Carol Cloud Bailey
ACALYPHA wilkesiana 'Cypress Elf'
Plant Common Name
Copperplant, Dwarf Copperplant, Wilkes' Acalypha
The compact copperplant, 'Cypress Elf', has delightful narrow, pendulous leaves that are reddish bronze to green with pink or magenta margins. Unlike other copperleafs, this super bushy selection has subdued colors amenable to many landscape planting schemes. It even looks great in containers. This cultivar may also be sold under the name,'Mardi Gras.'
An evergreen shrub native to the Pacific islands, copperleaf bears brightly colored foliage in shades or red, purple, bronze and green. It is a popular landscape plant in subtropical and tropical zones and planted as a houseplant or annual in cooler zones. The name, Acalypha wilkesiana, honors Rear Admiral Charles Wilkes, an American Naval Officer who explored the South Pacific during the mid-1800s.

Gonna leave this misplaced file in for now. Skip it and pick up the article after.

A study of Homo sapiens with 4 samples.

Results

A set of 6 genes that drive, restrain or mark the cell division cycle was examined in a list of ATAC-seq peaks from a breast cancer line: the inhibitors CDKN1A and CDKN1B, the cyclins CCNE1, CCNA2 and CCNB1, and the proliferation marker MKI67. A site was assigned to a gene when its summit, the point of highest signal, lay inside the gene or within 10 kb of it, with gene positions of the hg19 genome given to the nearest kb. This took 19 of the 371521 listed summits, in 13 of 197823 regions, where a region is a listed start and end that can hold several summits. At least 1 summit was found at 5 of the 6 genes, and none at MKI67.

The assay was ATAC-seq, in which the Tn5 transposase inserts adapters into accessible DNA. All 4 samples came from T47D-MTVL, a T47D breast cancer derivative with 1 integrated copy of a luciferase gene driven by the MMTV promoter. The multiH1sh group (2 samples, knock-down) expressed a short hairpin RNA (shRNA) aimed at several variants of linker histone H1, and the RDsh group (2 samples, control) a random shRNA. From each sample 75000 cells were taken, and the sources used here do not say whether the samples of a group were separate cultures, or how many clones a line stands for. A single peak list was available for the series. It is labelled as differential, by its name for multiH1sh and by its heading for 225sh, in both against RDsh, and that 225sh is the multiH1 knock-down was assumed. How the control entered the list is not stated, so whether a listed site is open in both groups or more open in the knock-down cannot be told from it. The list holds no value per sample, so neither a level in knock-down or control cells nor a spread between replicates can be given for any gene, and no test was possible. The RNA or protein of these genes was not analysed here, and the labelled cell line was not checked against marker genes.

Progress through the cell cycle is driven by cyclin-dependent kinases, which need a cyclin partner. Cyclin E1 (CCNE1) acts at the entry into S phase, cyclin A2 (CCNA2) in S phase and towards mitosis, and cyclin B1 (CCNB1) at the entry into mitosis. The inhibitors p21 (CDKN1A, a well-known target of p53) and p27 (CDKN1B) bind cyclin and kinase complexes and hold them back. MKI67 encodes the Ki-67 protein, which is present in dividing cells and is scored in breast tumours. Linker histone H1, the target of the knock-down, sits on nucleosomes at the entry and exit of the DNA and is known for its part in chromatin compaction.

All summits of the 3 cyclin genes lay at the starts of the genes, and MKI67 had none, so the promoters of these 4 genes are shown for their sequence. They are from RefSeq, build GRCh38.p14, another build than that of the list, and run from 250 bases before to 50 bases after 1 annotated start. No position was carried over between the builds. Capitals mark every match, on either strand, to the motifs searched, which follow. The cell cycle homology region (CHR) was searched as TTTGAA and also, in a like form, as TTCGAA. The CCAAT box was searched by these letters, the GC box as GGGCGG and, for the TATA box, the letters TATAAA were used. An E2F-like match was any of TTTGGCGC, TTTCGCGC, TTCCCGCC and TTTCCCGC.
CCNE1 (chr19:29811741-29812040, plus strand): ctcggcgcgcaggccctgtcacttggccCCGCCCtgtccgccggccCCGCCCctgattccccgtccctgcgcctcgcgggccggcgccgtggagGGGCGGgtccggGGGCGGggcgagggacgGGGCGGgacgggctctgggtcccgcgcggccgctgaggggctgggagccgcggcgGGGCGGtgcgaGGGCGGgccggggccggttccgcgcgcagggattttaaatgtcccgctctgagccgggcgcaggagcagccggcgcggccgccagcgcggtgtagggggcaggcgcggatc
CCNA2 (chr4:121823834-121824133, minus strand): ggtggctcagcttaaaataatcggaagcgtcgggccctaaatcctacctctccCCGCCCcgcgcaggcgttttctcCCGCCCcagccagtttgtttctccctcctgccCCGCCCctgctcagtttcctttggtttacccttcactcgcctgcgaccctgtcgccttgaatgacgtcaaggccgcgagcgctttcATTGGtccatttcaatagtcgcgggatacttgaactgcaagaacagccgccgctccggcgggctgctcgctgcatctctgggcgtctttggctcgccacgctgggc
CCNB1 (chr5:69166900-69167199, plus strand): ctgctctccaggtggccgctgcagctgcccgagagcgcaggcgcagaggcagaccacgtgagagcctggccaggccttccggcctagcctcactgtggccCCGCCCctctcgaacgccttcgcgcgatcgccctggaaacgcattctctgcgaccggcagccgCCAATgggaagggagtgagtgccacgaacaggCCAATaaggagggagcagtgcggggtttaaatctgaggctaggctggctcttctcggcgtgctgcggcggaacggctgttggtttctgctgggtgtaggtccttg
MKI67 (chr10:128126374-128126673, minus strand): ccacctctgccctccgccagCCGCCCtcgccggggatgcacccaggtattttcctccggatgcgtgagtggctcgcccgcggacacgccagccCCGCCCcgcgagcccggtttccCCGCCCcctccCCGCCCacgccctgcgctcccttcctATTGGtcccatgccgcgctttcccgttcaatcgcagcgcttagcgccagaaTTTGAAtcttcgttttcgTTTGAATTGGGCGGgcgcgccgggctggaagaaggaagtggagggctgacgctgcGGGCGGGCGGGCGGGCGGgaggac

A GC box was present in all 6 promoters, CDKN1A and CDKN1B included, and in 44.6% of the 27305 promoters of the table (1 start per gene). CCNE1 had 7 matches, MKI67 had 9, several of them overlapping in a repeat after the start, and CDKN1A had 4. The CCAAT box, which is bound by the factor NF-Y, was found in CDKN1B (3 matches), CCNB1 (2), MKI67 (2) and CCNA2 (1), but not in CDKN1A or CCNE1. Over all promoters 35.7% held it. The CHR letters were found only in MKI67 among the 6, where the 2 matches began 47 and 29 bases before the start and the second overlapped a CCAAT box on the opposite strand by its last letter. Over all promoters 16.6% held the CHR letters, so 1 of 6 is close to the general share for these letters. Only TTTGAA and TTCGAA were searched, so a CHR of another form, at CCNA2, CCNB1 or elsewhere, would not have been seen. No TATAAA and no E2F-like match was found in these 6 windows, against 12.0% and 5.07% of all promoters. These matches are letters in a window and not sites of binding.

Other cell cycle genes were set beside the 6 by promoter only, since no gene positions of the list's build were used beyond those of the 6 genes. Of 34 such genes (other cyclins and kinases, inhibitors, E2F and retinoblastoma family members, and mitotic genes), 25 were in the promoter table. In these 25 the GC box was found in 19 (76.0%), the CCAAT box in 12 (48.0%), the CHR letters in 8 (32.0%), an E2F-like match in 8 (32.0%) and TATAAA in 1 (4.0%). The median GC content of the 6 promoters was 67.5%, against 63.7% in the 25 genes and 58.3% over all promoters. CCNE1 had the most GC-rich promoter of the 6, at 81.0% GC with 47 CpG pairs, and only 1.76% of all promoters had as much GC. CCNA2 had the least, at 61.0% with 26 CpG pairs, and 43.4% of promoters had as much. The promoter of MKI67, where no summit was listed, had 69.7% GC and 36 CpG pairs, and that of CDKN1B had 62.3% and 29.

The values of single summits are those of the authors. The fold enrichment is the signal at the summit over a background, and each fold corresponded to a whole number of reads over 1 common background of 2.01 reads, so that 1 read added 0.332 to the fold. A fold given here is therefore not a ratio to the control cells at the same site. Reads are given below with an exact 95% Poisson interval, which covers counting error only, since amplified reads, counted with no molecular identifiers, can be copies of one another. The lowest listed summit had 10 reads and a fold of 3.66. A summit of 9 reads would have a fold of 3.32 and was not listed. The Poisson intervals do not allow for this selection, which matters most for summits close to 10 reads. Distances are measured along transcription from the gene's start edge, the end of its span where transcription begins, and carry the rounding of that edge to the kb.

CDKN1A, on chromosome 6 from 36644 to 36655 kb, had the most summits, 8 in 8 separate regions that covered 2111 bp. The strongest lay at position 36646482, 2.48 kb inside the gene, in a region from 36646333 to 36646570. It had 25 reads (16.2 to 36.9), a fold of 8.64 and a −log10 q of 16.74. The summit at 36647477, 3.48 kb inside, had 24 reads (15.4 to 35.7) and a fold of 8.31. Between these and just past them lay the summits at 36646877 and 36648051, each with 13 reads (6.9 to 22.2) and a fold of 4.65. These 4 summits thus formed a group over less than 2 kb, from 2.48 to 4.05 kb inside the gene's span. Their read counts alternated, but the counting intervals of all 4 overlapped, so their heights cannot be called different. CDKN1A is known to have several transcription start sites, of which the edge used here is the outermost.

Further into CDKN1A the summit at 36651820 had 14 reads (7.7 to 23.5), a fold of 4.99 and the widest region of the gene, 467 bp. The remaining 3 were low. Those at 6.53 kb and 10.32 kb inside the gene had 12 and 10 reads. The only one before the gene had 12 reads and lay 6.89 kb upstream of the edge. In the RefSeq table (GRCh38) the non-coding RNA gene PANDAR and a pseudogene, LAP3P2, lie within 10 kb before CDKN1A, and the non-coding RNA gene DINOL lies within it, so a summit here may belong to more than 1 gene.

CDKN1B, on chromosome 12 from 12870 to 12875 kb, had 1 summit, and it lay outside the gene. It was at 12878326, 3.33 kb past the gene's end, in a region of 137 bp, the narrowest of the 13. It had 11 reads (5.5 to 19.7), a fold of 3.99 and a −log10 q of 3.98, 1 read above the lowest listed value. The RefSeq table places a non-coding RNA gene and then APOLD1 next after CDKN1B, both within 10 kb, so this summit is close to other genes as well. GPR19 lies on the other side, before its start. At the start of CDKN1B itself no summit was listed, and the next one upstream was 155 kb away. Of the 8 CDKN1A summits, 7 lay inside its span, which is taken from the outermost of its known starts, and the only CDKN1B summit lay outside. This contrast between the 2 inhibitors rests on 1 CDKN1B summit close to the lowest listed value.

Beautiful, mottled leaves are the reason copperleaf is so popular in the garden. They are large, oval to elliptical, and alternate along the stems. The leaf edges are distinctly toothed and sometimes differ in color from the rest of the leaf. Different cultivars have different unique color combinations in shades of red, copper, bronze, purple, white and/or green. Tiny, inconspicuous, reddish flowers are produced in thin, hanging spikes called catkins. They are followed by capsule fruits filled with minuscule hard seeds.
Copperleaf grows well in both full sun or partial shade. The leaves are more brightly colored if plants are given a bit of shade during the hottest part of the day. Indoor specimens should be provided bright, indirect light. Provide in-ground or container-grown plants fertile, slightly acid soil that's well-drained. Though drought tolerant once established, regular applications of water will produce the healthiest, prettiest plants.
A few copperleafs go a long way in the interior or exterior landscape. Their large, strongly colored leaves look gaudy if overused, so it's best to plant them sparingly as focal accents for shrub or mixed borders.